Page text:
A survey by Ken Clark – Part One
In computer parlance an “anim” is an animation and has come to mean a form of movement more akin to diagrammatic or model animation. But that was yesterday – times they are a-changing.
It might seem paradoxical, but at a time when the makers of the Amiga computer, Commodore are facing a business crisis, their product has found favour among distinguished professional film-makers. The Amiga system is capable of producing sci-fi spaceships and alien worlds af a fraction of the cost of its big brother competitors. Long acknowledged as a leader in the field of graphics and as a home games machine, these very factors have made the Amiga the ideal workstation to produce and manipulate animations.
Even the humblest Amiga is capable of acting as an efficient line-tester. The limitations at this initial stage determined by computing power, memory and memory acceleration, and software efficiency. Many small studios have upgraded their old Al 500, A2000 and/or A3000 with these peripherals, and their work appears regularly on our TV screens.
News of a new peripheral has reached our shores from the USA. Available in NTSC format only, at present, it is called a Toaster. On its own it is pretty revolutionary with its advancement in storage capacity -a new facility called a CD ROM disk – it marks the dawn of a new age. Consider for a moment: one CD disk can contain the equivalent of 640 Amiga floppy disks.
The Toaster 4000 costs $2500 for an installed version, and has taken the US. by storm by its ability to render excellent animations, manipulate and digitally alter live-action or hand-animated images in sixteen-and-a-half million colours. Make no mistake, this is a multi-purpose kit with ability to combine seven inputs.
Much of its success is due to its rendering software, Lightwave-3D. This program allows the operator to surface-map objects with every equivalent traditional sculptors tool at his disposal. Small wonder then, that Foundation Imaging chose to create all of the sci- fi effects for their TV series, Babylon 5 using a bank of twenty Toasters and Amiga computers. This 22-episode series has yet to be seen this side of the Atlantic, but Spielberg’s Sea quest DSV containing a great number of Toaster generated effects can be seen on our TV screens every Sunday on ITV.
Mother innovation called the Screamer has been made available by the manufacturers Newtek in Kansas. Controlled by the Video Toaster 4000, the Screamer is a .$ 10,000 network capable of rendering images forty times faster than the Amiga 4000/40. At present, PAL versions of the Toaster and the Screamer are not available in the U.K. but Lightwave-3D software is now on sale.
A converter card to enable the NTSC version to be used on the PAL system has been marketed by an American company Prime Image, this full length card has been made to fit into the Amiga 4000. It is available in this country from Vortex (081 579 2743) who tell us that although the images produced are not up to British broadcasting standard they are on a par with Betacam:, and SVHS images, quite good enough for home TV screens and for use by semi-professionals. It may not be long before a proper PAL version makes its appearance.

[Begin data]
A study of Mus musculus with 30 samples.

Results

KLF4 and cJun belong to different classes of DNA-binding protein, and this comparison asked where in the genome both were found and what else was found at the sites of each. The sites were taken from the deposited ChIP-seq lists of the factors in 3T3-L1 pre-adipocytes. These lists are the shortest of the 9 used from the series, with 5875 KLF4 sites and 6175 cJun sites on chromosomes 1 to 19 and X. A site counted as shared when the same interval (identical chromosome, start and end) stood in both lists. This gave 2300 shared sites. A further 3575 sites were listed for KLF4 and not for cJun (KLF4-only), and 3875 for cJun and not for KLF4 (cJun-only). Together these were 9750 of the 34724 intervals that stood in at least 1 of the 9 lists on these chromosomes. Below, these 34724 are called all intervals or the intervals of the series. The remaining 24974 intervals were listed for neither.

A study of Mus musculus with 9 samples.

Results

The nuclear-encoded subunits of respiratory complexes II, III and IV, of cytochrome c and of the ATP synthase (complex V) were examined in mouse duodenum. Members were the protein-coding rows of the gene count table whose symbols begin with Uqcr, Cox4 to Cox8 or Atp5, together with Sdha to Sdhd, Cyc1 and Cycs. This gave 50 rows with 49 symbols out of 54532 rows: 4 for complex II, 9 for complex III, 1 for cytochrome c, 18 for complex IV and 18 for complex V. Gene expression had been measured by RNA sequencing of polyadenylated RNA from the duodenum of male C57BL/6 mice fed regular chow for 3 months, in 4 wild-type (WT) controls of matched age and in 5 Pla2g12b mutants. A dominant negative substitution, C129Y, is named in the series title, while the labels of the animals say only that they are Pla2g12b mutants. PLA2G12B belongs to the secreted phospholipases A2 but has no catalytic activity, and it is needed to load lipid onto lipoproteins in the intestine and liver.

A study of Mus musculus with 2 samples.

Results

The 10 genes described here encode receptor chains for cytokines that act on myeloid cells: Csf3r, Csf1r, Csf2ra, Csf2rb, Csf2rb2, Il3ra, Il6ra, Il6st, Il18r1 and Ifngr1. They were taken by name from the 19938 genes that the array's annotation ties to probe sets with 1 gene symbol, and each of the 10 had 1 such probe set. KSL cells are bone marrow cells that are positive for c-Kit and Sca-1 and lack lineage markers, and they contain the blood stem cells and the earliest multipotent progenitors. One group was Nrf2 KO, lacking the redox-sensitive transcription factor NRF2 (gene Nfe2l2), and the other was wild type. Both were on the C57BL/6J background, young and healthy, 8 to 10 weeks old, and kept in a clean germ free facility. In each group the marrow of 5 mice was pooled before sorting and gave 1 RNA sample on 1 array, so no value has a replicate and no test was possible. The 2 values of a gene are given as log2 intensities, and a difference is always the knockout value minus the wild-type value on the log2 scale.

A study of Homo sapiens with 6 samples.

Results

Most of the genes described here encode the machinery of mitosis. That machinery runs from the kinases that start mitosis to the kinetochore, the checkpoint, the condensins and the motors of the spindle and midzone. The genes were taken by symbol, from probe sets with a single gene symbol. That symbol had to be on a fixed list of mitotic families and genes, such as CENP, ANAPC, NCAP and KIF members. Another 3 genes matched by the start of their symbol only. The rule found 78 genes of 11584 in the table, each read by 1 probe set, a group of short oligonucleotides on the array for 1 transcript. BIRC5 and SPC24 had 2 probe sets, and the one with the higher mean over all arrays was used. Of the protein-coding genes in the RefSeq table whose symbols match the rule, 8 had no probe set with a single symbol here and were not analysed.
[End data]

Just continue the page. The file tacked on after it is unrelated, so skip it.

PD Disk Animators
No-one would argue that the Amiga is all things to all men, but there is no denying that in the field of animation it offers great possibilities. In the amateur world there are those who have already achieved professional status as a direct result of work completed on this computer.
British Chris Hall and American Eric Schwartz both found fame by making their early animations available free on floppy disks distributed in the Public Domain or PD as it is called. PD disks are a phenomenon made possible by enthusiasts who have set up libraries of these programs on the understanding that they are run on a non-profit making basis and freely distributed. The only permissible charge covers the cost of a disk, occasional printed instructions, and packing and posting, thus a single disk can cost between 75p and £3.50. There are thousands of animations, utilities, games and demos to choose from, among them top quality material. If your work finds favour in the Public Domain it may well attract the attention of head hunters, opening the door to a future career.
Chris Hall is a perfect example of this form of job creation. He was a graffiti artist for a period of three years, but unlike many of his kind he did not decorate British Rail carriages, instead he teamed up with friend Mark Strong and calling themselves Mac 2 they made backdrops for Tyne Tees TV quiz shows and late night programmes.
In his spare time, he bought an Amiga 500, without a proper monitor, simply the use of his home TV screen, and the art/paint program DeluxePaint 2. In the beginning, because of the half-Mb limited memory he designed individual pictures which he fondly believed could be used as games start-up screens. Many were reproduced in Amiga magazines. Upgrading to 1Mb he made his first cartoon-on-disk entitled Mr. Potato Head.
Running for twelve seconds and consisting of five scenes and a title page, the storyline was necessarily brief. It involved one set: a theatre stage with open curtains. On to the stage slides Mr. Potato Head coming to rest stage left, he shuffles back to centre stage and a black walking cane somersaults on-stage from the wings. Mr. P.H. catches it and does a little tap dance, throws the cane offstage, performs a high speed pirouette, falls on his back, puts his hat on, gets up and bows twice to the audience, The End.